We started our day with coffee, eggs & Beans and anticipation of entry into Canada. We packed up camp fairly quickly and set out to locate the local dog park so we can tire out the dogs before the border.
We found the Thurston County Off-Leash Dog Area easily this time. The county had turned their former landfill into a dog park, so it was huge. The entrance had a huge bone made of brick at the entrance laid out to walk on into the main gate. Too cute...
Luther & BuddyJack played ball. Over and over again. Enough to tire them out and stay quiet as we started today's car ride. Up I-5 until we reached Mt. Vernon were there was a detour. This was our first for the trip, but certainly not our last.
It was recommended to take Route 9 for a few miles. The road was winding and slow, but offered a very scenic route through the backroads of WA state. We passed some beautiful lakes and followed a river to the Canadian Border Crossing at Sumas, WA.
I am a Native American from the Mi'gmaq Tribe in Listuguj. I possess a Certificate of Indian Status card which allows me entry into and out of Canada and the States without issue. I have always used my passport upon entry into Canada and back into the States, but my passport had recently expired and I wanted to verify that I could go through with just the archaic card.
Tom had his passport and the dogs had their papers. Nothing major for the dogs, only verification of rabies shots. All of these papers, as well as checkbook and expired passports were held in an old blue bank bag that I have used since owning Contrast Restaurant in Dennis, MA. Tom knows that if there is ever a major problem or fire, "Just grab the blue bag!" and he knows what to do. The joys of a ten year relationship.
We approached the border with great anticipation of what the road ahead would bring. Neither of us have ever traveled the Trans-Canada Highway. We've done traveling in the states back and forth a number of times. We've done it often enough that we are running out of routes.
A nice woman took our papers. I must admit I was nervous about my "Indian Card", but all went well. Reason for Visit? How Long? Asking were we work was a new one. At least for me. A nice Welcome to Canada and we were in.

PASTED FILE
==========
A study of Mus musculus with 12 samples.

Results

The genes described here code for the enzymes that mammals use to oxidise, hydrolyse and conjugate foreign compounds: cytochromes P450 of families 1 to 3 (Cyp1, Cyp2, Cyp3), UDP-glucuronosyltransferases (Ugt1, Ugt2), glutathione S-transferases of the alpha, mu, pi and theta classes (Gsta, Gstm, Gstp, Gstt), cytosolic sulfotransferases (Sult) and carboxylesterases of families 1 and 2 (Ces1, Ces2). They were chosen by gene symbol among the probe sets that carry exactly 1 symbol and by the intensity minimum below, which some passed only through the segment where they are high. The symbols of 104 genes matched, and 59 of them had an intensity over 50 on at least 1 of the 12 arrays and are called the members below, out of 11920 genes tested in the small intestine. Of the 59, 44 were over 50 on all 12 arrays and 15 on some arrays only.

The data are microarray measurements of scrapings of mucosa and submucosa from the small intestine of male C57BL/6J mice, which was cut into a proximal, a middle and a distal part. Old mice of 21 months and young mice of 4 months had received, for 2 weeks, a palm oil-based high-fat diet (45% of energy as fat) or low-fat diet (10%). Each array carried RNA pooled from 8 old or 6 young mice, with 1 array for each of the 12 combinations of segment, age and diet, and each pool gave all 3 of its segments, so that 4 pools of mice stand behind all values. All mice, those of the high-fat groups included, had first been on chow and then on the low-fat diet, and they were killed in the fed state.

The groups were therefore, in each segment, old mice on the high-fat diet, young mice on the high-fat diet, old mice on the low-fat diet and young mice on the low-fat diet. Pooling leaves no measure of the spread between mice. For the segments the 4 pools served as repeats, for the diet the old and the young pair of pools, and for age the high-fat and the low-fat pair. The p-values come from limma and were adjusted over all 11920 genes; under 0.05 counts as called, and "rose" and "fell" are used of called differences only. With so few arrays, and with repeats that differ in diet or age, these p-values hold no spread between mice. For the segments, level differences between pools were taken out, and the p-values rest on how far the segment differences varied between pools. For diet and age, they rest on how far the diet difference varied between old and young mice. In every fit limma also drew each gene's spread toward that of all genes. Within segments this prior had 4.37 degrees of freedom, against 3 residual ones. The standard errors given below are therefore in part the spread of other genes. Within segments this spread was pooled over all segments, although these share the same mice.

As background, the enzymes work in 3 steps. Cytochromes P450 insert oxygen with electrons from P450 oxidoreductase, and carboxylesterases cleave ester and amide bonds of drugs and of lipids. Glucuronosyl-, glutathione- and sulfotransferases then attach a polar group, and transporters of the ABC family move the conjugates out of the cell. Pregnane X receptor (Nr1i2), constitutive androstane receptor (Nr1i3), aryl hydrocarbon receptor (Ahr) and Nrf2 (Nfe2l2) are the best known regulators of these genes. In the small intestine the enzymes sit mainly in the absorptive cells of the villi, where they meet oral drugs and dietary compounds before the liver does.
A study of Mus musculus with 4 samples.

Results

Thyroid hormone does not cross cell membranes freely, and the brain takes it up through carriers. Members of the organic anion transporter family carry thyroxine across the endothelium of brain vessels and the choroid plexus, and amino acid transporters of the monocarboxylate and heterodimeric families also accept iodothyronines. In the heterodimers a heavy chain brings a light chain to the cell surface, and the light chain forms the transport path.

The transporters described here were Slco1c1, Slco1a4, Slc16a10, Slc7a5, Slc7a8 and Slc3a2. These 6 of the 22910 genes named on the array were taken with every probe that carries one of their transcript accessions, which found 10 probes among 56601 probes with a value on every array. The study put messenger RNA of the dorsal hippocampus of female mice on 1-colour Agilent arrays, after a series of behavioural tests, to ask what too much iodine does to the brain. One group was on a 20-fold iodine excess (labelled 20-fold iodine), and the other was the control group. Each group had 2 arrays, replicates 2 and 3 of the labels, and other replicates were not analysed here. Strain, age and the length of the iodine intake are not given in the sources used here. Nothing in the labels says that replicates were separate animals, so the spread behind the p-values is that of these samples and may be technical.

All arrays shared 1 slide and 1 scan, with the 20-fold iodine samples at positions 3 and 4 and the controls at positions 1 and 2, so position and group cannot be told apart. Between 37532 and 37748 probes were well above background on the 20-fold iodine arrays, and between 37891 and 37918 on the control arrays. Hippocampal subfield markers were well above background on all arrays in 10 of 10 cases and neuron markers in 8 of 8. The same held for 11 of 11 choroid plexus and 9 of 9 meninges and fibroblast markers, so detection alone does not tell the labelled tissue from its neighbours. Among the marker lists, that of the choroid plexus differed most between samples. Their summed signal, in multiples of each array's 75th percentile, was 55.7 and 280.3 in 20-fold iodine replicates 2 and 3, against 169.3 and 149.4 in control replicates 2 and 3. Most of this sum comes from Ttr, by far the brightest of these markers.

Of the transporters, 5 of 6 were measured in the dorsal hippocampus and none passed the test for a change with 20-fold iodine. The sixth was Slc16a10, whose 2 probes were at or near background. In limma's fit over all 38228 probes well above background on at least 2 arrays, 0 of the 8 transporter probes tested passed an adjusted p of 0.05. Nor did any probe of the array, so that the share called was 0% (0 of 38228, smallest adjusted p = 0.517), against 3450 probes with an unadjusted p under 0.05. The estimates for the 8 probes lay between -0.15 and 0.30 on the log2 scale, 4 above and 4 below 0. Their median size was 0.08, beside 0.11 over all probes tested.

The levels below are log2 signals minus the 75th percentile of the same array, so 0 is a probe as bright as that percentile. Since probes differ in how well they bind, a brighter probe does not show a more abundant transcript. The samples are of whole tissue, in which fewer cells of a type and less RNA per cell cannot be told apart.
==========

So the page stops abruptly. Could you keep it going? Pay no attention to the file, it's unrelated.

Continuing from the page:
First order of business? Head to the Highway, straight ahead. When we get there, take a right. Detour. Wrong turn! We land up on the Frontage RoadNo 3G. Saw a sign for information. It's basically an "i". "Look for the i!" Traveled down the road to our first information stop along Highway 1.
Flags of Canada
We picked up the necessary items entering into a new area. A local province map, camping information, special or unique things to do along the way were all freely given by the woman attendant. She also offered more maps for further provinces as well as guides for the few ahead. We headed East toward Quebec, and as if welcoming us, a Bald Eagle flew overhead. We were both very excited to see it, which would be one of the many wild animals we were to see along the way.
Our first planned stop was the Tetle Yet Campground in Hope, British Columbia. Prior to leaving, I looked up First Nation Campgrounds. I read that a number of tribes are opening their lands up to tourists but Tetle Yet was the only one I found on the web.
We arrived in early evening which gave us some time to set up camp and explore the District of Hope. I went into register at the office and asked about an indian price. The young man asked for my card, wrote down my band number and gave me a discount. YeeHaw!
We set up camp along the Fraser River. There were very few people there and the campground was fenced in so we had an opportunity to play with the dogs with a Chuckit and balls. The wind was strong and constant. Not a bad thing. No bugs!
We headed out to downtown Hope, the "wood carving capital of the world." We headed South to the Rotary Centennial Park were we saw some examples of the wood carving.
Participatory Art in Downton Hope
We had a great night. We bought some wood, played some cribbage and watched the campsite fill up with people from all walks of life. The rush of the wind and water always there. This was our first night in Canada and we felt at peace and slept.